When Maine fell ill and was no longer able to manage stairs, her husband Bo decided to build a log house where his wife would be able to live a quality life. He built a new one-level house with a 245 square metre floor plan. And today Maine is doing so well that she is able to fully enjoy the results.

Bo ran a car workshop for many years. He is used to solving problems and has never balked at the idea of having to knuckle down to accomplish what he set out to do.
When his wife developed Parkinson’s disease, he turned to solving the problems posed by the disease. One of these problems was the family’s two-floor house.
– I could no longer manage walking up and down the stairs, says Maine.
The best solution would prove to be building a new house without stairs. Bo had inherited a small plot of land a few kilometres further away, with a shorefront and 20 hectares of forest. Here he would build a one-level house, designed to allow Maine to move freely both inside and outside with a walker.
-We started planning out a little retirement home some 70 square metres in size. But the more we thought about it, the larger it became, recalls Maine.

One large room

In 1999 the plans were ready and completed by a building engineer. The floor space had grown to 245 square metres and principally consisted of a single, gigantic room.
-I am going to be old one day, too. Here we can each meet one another with our own walker, says Bo.
In 1999 Bo cut down 400 trees, bought a M7 sawmill with an electric saw assembly and one of the very first log moulders made by Logosol. He had already taken a building course and before starting the pièce de résistance, he practiced by building a little outhouse.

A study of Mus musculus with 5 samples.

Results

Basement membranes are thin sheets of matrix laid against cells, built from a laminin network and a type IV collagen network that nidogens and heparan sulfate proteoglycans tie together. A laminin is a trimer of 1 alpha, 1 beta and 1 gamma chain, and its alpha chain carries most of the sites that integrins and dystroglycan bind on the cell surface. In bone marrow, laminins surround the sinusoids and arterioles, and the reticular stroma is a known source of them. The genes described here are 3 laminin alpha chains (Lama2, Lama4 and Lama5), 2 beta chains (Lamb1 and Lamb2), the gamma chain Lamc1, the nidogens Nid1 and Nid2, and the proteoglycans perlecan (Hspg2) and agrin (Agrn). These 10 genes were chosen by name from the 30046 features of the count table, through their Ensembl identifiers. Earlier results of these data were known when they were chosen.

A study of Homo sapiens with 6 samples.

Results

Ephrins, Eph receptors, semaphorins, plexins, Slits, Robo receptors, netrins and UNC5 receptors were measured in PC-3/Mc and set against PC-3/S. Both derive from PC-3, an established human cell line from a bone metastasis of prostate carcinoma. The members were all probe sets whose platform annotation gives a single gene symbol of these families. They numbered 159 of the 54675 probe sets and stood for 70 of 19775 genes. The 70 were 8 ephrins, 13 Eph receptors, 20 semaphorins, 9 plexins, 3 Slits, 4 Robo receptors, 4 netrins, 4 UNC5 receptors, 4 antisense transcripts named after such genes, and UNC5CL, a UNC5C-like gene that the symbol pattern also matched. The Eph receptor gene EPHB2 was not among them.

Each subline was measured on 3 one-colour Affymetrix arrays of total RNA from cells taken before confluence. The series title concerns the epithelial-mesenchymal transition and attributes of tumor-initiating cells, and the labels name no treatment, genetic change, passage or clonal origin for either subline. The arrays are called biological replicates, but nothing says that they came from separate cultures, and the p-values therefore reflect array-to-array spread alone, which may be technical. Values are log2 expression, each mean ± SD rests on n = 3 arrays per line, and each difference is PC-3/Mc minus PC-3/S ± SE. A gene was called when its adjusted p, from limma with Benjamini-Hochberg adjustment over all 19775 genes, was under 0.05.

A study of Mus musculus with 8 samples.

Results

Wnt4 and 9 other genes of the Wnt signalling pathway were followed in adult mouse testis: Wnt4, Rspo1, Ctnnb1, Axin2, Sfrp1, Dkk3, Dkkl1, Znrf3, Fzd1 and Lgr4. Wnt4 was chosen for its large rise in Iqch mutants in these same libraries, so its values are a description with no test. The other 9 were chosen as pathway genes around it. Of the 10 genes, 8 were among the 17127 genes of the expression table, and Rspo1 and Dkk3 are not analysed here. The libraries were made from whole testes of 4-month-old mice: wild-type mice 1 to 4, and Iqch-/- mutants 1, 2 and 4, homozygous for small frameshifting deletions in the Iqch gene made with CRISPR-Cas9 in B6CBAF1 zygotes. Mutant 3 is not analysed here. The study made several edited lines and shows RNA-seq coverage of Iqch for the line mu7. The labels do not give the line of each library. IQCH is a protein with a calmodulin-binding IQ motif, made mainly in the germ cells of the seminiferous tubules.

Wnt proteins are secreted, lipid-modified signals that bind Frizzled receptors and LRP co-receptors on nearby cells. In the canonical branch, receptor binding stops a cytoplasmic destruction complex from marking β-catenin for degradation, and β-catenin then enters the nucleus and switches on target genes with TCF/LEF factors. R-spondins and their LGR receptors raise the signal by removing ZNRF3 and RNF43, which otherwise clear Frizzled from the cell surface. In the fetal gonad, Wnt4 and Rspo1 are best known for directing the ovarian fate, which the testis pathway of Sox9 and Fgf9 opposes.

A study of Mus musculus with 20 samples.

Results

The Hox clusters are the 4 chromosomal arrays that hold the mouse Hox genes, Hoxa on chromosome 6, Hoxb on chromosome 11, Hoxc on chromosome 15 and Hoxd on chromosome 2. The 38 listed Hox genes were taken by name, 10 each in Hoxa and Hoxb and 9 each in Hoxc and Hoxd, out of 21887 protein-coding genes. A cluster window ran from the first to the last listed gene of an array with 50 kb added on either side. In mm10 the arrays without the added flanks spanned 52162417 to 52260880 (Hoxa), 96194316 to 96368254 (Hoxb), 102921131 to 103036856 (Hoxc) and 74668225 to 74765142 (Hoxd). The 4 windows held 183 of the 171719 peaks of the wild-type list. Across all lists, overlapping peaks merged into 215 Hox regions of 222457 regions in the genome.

By the spring of 2000, he had put the car shop into low gear and spent the majority of his time sawing, milling, and building. The house was ready for move-in in 2003, three years after the trees had been cut down.

A unique house

The result was a unique house and a piece of genuine handicraft. Inside, the house is essentially one large room. The only doors lead into the bedroom, bathrooms, and laundry area. In half the house the ceiling goes all the way up to the peak, and there are a total of six oriel windows, each with its own tied corner.
– The angled corners took just as long to do as all the other corners in the house, says Bo.
But the most important thing is that his wife Maine now has a much more comfortable life. The house works even better than they had hoped, and medicine has made such advances that Maine has now given up her walker and can spend time working in the garden.
The specially built house has instead been transformed into a type of insurance for their senior years.
– We can live here for the rest of our lives, say Bo and Maine Persson.